Winter weather can create challenging driving conditions for all motorists, especially on mountain passes like the Sea to Sky and the Coquihalla.
Improving safety on highways and roads is the ministry’s top priority. The ministry is taking action on a number of changes ahead of winter 2018-2019, to make B.C. highways safer and more reliable during winter months, including:
- Stricter commercial vehicle chain-up requirements, including higher fines for commercial vehicles not carrying chains or not chaining up when required.
- Enhanced road-maintenance contractor monitoring and auditing, and leveraging new tools and technology, like road weather stations, variable speed limit systems and GPS tracking of snow plows.
- Extending winter tire and chain regulations on select highways, including mountain passes and rural routes in high snowfall areas, from Oct. 1 to April 30 (instead of March 31), to account for early-spring snowfall. Winter tires are defined as those labelled with either the 3-peaked mountain/snowflake symbol, or the mud and snow (M+S) designation, with a minimum tread depth of 3.5 millimeters.
Changes to B.C. highway-maintenance contracts:
Twenty-six of the 28 service areas in B.C. are up for renewal in 2018 and 2019. As new maintenance contracts are signed and implemented, contractors will adhere to improved measures that require a more proactive approach to winter maintenance. These changes include:
- Returning Class A highways to bare pavement within 24 hours of a winter weather event ending (previously 48 hours), at temperatures of warmer than minus 9 degrees, when de-icing chemical use is effective.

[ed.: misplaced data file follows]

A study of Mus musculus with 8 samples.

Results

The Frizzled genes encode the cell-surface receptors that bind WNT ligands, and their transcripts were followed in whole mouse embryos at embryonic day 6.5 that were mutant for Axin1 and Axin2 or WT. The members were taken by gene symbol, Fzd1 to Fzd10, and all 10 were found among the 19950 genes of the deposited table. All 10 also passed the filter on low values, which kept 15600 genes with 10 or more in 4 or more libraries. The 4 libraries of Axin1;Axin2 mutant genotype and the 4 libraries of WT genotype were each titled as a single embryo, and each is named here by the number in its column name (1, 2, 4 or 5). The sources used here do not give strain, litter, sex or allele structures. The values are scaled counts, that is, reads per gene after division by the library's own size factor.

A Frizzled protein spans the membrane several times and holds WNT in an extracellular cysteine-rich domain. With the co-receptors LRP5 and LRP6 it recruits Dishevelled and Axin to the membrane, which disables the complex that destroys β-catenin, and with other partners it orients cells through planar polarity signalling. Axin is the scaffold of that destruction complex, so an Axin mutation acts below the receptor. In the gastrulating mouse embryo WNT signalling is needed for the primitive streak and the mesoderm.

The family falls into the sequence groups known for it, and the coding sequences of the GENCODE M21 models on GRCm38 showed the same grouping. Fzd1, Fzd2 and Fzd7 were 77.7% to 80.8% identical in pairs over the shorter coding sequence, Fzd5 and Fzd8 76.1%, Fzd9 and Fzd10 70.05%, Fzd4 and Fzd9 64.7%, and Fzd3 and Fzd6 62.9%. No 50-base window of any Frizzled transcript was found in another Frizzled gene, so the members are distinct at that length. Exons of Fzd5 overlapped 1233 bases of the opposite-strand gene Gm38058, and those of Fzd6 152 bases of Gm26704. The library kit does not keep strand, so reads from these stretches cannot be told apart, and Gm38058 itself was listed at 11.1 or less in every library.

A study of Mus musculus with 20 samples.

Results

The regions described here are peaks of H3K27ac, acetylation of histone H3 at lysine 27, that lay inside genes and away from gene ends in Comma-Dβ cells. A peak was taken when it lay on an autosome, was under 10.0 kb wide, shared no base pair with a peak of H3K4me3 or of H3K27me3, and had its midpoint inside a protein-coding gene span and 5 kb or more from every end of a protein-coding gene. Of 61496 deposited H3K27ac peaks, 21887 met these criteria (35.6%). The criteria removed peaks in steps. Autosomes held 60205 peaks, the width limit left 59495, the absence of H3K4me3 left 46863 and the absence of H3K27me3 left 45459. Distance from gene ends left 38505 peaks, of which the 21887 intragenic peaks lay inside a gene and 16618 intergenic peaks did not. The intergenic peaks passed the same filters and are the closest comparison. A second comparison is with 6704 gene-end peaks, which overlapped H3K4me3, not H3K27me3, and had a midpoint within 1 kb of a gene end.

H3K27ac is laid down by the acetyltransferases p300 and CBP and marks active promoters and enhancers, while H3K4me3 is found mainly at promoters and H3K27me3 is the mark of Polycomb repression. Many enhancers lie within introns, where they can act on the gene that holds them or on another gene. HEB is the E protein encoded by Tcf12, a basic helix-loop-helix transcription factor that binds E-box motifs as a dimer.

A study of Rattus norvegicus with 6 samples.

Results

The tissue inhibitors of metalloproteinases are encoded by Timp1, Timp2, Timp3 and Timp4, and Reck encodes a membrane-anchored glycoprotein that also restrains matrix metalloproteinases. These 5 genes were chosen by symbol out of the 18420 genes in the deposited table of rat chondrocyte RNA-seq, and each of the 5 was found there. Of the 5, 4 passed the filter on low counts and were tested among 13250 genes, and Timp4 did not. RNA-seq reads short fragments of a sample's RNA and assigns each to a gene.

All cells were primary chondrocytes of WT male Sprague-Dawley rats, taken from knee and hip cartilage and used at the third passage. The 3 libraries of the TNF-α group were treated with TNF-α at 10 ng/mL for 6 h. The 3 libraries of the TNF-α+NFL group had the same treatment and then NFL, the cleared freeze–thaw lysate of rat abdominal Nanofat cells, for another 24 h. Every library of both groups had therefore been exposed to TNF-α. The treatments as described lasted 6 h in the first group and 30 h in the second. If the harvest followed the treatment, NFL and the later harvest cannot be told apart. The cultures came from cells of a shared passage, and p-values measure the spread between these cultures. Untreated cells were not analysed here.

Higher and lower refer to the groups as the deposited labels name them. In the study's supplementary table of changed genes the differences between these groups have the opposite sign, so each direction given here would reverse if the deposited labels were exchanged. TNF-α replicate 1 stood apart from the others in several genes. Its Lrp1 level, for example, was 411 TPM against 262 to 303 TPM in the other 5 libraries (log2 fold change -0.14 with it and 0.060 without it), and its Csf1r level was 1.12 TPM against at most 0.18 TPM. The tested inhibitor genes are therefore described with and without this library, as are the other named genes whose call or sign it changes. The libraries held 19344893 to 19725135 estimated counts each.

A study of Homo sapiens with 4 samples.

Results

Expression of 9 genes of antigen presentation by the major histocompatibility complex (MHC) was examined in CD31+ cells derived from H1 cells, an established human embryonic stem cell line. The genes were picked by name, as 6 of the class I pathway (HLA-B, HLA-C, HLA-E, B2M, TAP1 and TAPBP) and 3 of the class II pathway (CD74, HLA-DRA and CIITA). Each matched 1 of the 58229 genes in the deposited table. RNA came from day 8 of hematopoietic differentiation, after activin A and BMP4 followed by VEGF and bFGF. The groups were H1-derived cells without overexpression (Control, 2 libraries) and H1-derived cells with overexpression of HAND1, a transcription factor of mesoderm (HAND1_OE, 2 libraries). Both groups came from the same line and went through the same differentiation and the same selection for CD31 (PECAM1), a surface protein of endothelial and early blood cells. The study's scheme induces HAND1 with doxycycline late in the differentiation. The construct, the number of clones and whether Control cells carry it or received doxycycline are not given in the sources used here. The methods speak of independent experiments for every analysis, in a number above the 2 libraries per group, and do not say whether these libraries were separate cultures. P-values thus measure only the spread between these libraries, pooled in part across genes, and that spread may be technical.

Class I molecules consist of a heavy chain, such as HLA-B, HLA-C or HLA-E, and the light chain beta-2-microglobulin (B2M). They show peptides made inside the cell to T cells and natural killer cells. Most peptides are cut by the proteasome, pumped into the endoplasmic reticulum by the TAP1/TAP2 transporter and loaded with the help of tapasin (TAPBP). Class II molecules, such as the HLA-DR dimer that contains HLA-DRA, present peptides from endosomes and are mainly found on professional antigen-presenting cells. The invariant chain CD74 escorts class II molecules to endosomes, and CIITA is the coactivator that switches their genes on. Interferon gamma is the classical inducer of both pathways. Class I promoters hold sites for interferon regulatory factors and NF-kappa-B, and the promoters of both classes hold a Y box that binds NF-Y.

- Increasing patrol frequency to 90 minutes on a Class A highway like the Sea to Sky during a snow storm (previously 4 hours).
- When a weather event is forecasted to occur, increasing the patrol frequency to 4 hours in anticipation of the weather event coming (previously 24 hours).
- Requiring the use remote weather-information systems to forecast when a weather event will occur, and to spread anti-icing chemicals prior to the weather event.
- The ministry’s maintenance contractors maintain nearly 47,000 kilometres of road and 2,800 bridges in some of the most challenging terrain in Canada.
- Crews apply approximately one million tonnes of winter abrasives and 100,000 tonnes of salt to highways annually, provincewide.
- The Coquihalla summit had a total snowfall of 830 centimetres from Oct. 1, 2017, to the end of February 2018 — 114% higher than the 10-year average.
- Kootenay Pass had a highest ever recorded snowfall of 1,012 centimetres from Oct. 1, 2017 to the end of February 2018 — 148% higher than the 10-year average.